Greyhound Drivers Union Says Texas Buses Are Being Driven by Crappy Drivers. Huh?
Unlike the dogs, you can't bet on a Greyhound. Unless you hide from the driver.
Anyone who has ridden cross-country on a Greyhound bus, and who walked by the bus station on Lamar Street yesterday, would have assumed that the group of protesters gathered there were speaking out against the inhumane conditions suffered by its passengers.
The coach operator is in the midst of a "war on drivers," the union says, replacing experienced operators in Dallas and San Antonio with inferior drivers from the Americanos bus service on the new Greyhound Express line that serves Texas' largest cities.
Americanos is, in fact, owned by Greyhound, but its drivers belong to another union. And they suck, says the ATU, having been cited for serious safety violations and consistently ranking near the bottom in federal driver safety evaluations.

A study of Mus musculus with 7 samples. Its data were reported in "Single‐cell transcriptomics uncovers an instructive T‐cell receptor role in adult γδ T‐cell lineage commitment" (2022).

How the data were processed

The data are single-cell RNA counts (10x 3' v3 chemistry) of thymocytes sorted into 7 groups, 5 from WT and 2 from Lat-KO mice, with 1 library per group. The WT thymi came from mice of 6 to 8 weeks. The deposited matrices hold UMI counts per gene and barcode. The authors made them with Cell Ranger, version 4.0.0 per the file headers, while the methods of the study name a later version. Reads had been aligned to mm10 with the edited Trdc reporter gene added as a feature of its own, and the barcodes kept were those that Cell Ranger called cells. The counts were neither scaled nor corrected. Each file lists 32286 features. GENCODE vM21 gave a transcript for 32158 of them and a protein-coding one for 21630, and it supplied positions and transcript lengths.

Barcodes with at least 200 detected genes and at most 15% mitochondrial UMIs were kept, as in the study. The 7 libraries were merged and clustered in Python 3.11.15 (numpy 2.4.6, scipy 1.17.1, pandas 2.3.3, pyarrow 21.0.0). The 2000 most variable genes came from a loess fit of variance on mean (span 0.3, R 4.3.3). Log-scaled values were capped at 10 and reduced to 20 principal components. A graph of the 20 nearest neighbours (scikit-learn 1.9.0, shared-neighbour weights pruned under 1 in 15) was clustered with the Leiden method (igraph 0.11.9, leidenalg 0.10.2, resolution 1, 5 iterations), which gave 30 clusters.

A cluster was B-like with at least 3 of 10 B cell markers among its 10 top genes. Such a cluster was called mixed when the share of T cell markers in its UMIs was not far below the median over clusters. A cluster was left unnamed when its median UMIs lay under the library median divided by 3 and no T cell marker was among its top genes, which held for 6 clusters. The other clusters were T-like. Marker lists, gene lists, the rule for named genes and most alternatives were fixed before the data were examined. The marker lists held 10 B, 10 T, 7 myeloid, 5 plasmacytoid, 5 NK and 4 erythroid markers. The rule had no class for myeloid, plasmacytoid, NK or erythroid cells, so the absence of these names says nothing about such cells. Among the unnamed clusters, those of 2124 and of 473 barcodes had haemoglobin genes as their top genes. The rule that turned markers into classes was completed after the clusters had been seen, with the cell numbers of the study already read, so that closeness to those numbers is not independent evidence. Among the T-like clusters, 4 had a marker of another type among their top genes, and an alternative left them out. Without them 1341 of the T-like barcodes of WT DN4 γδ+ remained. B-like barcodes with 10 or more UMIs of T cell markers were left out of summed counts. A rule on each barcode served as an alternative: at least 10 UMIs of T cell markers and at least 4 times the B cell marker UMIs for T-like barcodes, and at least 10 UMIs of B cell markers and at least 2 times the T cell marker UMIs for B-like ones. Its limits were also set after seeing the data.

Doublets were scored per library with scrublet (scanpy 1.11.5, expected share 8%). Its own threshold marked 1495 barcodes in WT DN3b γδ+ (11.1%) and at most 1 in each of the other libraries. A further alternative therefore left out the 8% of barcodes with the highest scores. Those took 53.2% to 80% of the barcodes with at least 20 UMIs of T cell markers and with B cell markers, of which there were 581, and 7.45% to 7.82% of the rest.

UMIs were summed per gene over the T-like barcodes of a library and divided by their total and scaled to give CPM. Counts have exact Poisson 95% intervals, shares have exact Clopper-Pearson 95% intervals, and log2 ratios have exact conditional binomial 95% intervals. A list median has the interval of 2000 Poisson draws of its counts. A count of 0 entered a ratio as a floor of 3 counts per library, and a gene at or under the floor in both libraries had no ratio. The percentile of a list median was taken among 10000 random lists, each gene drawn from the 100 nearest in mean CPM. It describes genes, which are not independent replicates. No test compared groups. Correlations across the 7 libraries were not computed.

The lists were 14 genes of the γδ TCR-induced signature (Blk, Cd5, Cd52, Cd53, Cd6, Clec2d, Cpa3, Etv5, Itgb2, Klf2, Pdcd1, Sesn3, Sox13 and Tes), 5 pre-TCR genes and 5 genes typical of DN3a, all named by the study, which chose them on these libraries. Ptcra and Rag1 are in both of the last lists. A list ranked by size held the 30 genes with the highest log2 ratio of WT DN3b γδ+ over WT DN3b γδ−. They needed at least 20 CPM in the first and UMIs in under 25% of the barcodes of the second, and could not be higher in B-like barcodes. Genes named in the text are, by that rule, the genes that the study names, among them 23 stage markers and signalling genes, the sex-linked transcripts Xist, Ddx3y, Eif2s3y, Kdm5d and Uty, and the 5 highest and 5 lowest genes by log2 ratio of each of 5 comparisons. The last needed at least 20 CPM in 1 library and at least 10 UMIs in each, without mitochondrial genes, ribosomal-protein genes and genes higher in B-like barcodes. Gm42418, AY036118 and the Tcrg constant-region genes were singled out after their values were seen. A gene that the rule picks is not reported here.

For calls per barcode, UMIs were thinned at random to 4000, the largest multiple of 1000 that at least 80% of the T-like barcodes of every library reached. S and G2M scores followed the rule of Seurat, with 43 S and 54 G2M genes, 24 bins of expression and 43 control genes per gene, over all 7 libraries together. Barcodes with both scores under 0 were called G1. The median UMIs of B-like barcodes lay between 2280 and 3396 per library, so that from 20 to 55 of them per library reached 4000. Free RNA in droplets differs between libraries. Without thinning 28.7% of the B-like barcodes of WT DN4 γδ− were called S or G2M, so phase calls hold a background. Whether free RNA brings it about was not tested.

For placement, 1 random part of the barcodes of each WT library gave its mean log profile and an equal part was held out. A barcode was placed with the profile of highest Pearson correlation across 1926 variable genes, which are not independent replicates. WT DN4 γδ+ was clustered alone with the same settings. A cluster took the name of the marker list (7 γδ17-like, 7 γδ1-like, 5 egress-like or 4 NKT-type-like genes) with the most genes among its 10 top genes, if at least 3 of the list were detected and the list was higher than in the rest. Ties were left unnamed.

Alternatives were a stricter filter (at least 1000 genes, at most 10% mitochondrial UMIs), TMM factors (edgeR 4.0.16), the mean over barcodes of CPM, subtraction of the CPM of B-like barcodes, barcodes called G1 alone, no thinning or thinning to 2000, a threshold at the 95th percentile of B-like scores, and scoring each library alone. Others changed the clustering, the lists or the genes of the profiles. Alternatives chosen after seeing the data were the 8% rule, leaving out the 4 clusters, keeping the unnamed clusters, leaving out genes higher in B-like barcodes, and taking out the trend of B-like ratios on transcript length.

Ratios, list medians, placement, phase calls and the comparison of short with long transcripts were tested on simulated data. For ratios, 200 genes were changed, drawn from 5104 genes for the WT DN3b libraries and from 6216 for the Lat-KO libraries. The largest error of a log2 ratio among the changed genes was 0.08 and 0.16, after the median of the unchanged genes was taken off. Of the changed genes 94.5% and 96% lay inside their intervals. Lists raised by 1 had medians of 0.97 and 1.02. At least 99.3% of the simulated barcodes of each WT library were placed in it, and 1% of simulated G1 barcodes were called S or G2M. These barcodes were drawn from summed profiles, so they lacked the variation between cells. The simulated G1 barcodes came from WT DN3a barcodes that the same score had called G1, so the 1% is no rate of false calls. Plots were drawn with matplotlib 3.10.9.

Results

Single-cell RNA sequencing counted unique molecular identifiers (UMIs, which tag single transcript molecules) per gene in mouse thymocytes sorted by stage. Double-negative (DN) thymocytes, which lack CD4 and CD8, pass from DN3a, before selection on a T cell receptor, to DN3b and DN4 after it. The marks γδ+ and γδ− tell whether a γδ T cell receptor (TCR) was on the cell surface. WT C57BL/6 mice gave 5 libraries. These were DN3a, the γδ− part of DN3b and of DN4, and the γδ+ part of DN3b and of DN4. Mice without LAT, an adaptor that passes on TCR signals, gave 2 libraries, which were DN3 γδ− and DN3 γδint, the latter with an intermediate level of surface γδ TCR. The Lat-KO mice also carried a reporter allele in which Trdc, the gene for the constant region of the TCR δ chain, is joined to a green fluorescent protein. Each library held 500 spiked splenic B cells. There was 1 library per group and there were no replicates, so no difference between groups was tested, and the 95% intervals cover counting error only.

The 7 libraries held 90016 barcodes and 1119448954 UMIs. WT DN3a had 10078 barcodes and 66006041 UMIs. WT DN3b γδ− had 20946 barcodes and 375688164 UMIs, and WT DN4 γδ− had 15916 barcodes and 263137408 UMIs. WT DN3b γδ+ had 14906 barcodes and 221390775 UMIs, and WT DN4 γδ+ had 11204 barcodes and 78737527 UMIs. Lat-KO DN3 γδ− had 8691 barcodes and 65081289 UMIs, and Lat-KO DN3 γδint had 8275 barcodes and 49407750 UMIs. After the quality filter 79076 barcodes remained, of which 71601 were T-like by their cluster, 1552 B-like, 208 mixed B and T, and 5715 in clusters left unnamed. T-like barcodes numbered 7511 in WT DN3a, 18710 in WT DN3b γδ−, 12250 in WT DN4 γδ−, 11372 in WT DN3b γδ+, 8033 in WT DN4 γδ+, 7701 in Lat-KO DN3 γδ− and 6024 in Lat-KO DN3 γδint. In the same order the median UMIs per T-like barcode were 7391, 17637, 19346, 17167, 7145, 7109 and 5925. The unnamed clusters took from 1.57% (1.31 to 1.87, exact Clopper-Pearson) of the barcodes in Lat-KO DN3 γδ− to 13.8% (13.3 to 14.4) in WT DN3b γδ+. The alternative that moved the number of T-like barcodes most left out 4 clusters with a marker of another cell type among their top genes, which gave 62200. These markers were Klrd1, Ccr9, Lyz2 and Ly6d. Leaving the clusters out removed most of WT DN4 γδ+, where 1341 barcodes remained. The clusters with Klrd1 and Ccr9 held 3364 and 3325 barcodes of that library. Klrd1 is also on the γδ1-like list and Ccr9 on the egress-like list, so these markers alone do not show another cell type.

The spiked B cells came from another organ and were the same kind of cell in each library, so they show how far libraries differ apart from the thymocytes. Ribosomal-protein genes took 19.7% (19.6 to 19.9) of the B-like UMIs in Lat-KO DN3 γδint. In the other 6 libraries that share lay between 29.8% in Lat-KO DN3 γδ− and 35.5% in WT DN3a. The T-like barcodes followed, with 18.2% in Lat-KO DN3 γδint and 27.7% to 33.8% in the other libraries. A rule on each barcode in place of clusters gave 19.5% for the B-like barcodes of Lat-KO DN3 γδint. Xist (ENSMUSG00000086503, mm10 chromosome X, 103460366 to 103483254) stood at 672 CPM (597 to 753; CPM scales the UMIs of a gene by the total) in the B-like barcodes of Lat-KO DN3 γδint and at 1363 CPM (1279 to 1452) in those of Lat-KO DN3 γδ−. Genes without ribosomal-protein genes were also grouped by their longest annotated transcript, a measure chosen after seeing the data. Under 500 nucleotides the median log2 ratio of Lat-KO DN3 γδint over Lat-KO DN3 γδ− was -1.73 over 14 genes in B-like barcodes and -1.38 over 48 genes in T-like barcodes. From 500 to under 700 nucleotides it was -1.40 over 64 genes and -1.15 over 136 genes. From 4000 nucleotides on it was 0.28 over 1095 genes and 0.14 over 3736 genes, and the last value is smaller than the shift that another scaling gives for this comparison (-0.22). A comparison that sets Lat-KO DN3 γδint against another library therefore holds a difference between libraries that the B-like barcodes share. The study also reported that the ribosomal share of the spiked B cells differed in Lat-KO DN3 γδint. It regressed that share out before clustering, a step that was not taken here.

"Many 'Greyhound Express' drivers in Texas are wearing Greyhound uniforms, but are really employed by the company's cut-rate line, Americanos," the ATU says. "Why are they disguising Americanos drivers? To hide poor performance!"
But Greyhound spokeswoman Jen Biddinger says very little is actually changing. The bus line has owned Americanos since 1998 and is rebranding some routes as "Greyhound Express," which means the same Americanos drivers will be driving the same Americanos routes. The only difference will be the racing dog on the side and, again, the buses ultimately belong to Greyhound.
After the bus station, ATU members were scheduled to go to Greyhound's headquarters at 350 N. St. Paul St. for another protest. Which would be a good idea had the bus line not moved its headquarters to Cincinnati about five years ago, as Biddinger told me. Most of the operations are in Dallas, but the actual headquarters? About 1,000 miles away.